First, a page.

Gov. Kemp signs law allowing Bible electives in Georgia public schools, new scholarships

Gov. Brian Kemp has signed a law that will allow public high schools in Georgia greater freedom to offer courses on Christianity, and offer new scholarship opportunities for qualifying students. (Image: James Nichols)

Gov. Brian Kemp has signed a law that will allow public high schools in Georgia greater freedom to offer courses on Christianity, and provides new scholarship opportunities for qualifying students.

Sen. Jeff Mullis of Chickamauga sponsored Senate Bill 83. He says it will allow high schools to offer courses on Hebrew Scriptures as well as the Old and New Testaments.

According to the legislation, the courses will "be taught in an objective and nondevotional manner with no attempt made to indoctrinate students as to either the truth or falsity of the biblical materials or texts from other religious or cultural traditions."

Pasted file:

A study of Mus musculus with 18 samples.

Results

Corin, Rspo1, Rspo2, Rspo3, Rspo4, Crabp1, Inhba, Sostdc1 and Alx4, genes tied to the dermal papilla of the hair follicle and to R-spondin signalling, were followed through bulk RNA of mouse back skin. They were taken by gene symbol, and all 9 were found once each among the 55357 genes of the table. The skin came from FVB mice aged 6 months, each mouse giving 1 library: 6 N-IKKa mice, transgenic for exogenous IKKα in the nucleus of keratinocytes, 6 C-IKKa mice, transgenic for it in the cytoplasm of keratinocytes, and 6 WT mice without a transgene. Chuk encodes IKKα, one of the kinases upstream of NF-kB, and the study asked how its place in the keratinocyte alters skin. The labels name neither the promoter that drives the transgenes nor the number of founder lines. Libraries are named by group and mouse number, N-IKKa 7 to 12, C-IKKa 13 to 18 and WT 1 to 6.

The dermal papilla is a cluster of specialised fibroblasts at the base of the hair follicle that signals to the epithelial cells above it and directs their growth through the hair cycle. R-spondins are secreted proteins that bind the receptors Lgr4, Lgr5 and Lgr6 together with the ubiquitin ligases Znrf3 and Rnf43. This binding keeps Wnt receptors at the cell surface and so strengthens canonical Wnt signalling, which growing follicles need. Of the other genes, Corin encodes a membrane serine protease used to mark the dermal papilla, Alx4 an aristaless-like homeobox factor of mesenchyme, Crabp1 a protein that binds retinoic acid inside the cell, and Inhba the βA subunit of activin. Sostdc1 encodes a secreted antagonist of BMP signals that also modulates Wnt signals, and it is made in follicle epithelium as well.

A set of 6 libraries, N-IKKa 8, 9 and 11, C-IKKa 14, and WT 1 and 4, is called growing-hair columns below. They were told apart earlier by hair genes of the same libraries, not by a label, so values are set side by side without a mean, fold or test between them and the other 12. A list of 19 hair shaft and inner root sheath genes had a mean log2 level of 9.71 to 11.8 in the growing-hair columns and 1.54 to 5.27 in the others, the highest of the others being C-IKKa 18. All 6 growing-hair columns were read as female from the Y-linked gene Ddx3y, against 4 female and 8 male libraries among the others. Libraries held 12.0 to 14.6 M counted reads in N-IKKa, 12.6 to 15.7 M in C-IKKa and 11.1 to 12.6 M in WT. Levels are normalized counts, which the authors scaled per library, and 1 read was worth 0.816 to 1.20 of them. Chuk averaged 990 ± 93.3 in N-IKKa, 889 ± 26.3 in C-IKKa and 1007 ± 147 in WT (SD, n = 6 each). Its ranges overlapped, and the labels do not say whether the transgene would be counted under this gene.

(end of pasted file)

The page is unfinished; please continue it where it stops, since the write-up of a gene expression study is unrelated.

It also says the courses will not include religious doctrine or sectarian interpretation, and will not "disparage or encourage" those committed to religious beliefs.

Sen. Mullis also says the second part of the law establishes the Realizing Educational Achievement Can Happen (REACH) scholarship program. REACH is described as a needs-based mentoring and scholarship program to help high schoolers in their path to collegiate success.

Among other requirements, REACH recipients have to qualify for federal free or reduced lunch programs, have a limited number of unexcused absences, and a clean criminal and drug-related record.

“Our students have the right to expand their knowledge through various opportunities and SB 83 will do that," says Sen. Mullis, "This legislation allows them to choose to learn about the history of the Bible and gives them the opportunity to continue their academics by utilizing the REACH Scholarship Program. By empowering our students to have choices and access to additional resources, we can guarantee they will achieve success.”

You can read the bill below, or learn more on the state website here.